Some visitors to Squamish on the August long weekend found themselves with nowhere to stay.
As of Friday (Aug. 3), all the community’s campsites and hotel rooms were booked, said Karen Unger, an employee at Squamish’s visitor information centre. Accommodation in Whistler was also sold out.
“People are coming looking for spaces,” she said.
Summer weekends are usually busy, Unger said, but the B.C. day long weekend proved exceptional. The Squamish Days Loggers Sports was underway, the Pacific Pilsner 2012 West Coast Open Kiteboarding Championships hit the Squamish Spit, the Bass Coast music festival pumped in Squamish Valley, while mountain bikers hit Valleycliffe in the Hot on Your Heels race and the community hosted a fastpitch ball tournament.
While tourism should be encouraged, it has to be properly managed, local environmentalist John Buchanan said, noting that camping in non-designated areas was rampant during the past weekend.
“I was shocked at the number of illegal campsites,” he said.
The three main areas for the activity where the Mamquam River, Stawamus River and the Squamish Estuary, Buchanan noted. Ignoring the growing problem hurts the District of Squamish both environmentally and economically as officials could be forced to deal with potential forest fires and wildlife conflicts. Although most of the areas are signposted for “no camping,” the district needs to get some teeth behind the bylaws, he noted.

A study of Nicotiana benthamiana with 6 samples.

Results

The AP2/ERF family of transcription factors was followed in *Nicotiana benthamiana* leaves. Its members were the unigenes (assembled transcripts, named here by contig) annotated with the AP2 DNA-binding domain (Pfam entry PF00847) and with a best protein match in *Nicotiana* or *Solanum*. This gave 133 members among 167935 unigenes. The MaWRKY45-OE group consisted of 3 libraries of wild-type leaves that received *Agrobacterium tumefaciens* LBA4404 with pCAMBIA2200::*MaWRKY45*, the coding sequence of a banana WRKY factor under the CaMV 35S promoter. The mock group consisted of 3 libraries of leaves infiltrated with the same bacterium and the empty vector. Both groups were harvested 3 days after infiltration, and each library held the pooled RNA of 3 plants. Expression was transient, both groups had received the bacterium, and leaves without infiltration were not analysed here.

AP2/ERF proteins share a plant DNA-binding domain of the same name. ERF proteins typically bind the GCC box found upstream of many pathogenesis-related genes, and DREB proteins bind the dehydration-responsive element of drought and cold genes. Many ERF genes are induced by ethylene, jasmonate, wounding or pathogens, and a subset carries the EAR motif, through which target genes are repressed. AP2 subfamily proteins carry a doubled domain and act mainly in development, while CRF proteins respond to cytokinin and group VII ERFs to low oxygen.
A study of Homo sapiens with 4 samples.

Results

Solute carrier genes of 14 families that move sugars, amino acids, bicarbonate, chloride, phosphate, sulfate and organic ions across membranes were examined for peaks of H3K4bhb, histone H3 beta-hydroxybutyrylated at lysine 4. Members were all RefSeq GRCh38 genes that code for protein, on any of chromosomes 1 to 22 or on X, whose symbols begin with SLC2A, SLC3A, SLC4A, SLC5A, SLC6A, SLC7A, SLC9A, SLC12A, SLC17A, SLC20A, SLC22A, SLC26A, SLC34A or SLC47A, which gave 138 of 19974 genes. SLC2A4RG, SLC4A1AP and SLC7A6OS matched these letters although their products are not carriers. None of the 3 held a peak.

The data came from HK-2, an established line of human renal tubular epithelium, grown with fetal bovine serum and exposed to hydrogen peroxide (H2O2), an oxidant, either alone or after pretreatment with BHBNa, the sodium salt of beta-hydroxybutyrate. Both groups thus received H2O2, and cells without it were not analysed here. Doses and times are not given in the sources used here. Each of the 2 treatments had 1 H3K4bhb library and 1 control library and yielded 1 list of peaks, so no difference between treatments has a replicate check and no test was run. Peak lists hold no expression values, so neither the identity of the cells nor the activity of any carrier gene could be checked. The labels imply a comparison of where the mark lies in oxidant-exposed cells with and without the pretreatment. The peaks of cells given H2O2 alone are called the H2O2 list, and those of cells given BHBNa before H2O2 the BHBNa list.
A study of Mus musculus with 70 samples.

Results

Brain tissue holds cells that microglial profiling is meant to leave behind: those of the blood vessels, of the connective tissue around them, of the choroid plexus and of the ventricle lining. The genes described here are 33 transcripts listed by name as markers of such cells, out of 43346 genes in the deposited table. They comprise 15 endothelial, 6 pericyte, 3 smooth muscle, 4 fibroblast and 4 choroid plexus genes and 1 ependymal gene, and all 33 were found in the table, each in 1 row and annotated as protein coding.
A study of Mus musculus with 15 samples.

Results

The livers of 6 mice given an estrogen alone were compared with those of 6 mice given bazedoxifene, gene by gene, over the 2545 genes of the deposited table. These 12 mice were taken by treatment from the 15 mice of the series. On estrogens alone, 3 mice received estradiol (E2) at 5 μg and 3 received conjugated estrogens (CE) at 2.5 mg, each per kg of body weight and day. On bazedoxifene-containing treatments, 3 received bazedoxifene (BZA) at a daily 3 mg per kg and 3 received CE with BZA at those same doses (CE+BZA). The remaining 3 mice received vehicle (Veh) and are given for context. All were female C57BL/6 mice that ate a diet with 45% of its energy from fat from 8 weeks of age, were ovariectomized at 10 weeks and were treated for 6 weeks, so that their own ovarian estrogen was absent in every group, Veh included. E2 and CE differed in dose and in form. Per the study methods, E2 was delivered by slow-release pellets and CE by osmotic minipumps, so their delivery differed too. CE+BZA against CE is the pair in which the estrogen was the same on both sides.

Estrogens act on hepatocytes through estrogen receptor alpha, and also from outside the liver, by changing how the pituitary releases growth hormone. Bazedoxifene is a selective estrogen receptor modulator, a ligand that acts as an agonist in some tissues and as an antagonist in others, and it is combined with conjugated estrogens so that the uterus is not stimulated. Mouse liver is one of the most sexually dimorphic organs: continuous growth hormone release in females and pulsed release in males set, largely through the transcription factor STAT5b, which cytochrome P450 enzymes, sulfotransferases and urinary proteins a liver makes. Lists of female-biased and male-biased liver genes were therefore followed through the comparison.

“We don’t have any enforcement going on,” Buchanan said. “This is a problem that has been spanning quite a few years.”
There has been ongoing chatter surrounding the district-owned campsites at Brennan Park, Coun. Bryan Raiser said. The municipality hasn’t examined expanding the site, although it might be taken into consideration in the Parks and Recreation Master Plan, he noted.
More campsites are needed, Raiser said. However, the question is where to place them. Land at Brennan Park is limited, he added.
Depending on the property, illegal camping enforcement falls into different jurisdictions, Raiser said. The district does have bylaw officers; however, their workload is complaint driven.
“I would prefer more education than enforcement,” Raiser said.
If campers are considerate and respectful of their environment, there should be no trace of them when they leave, he said.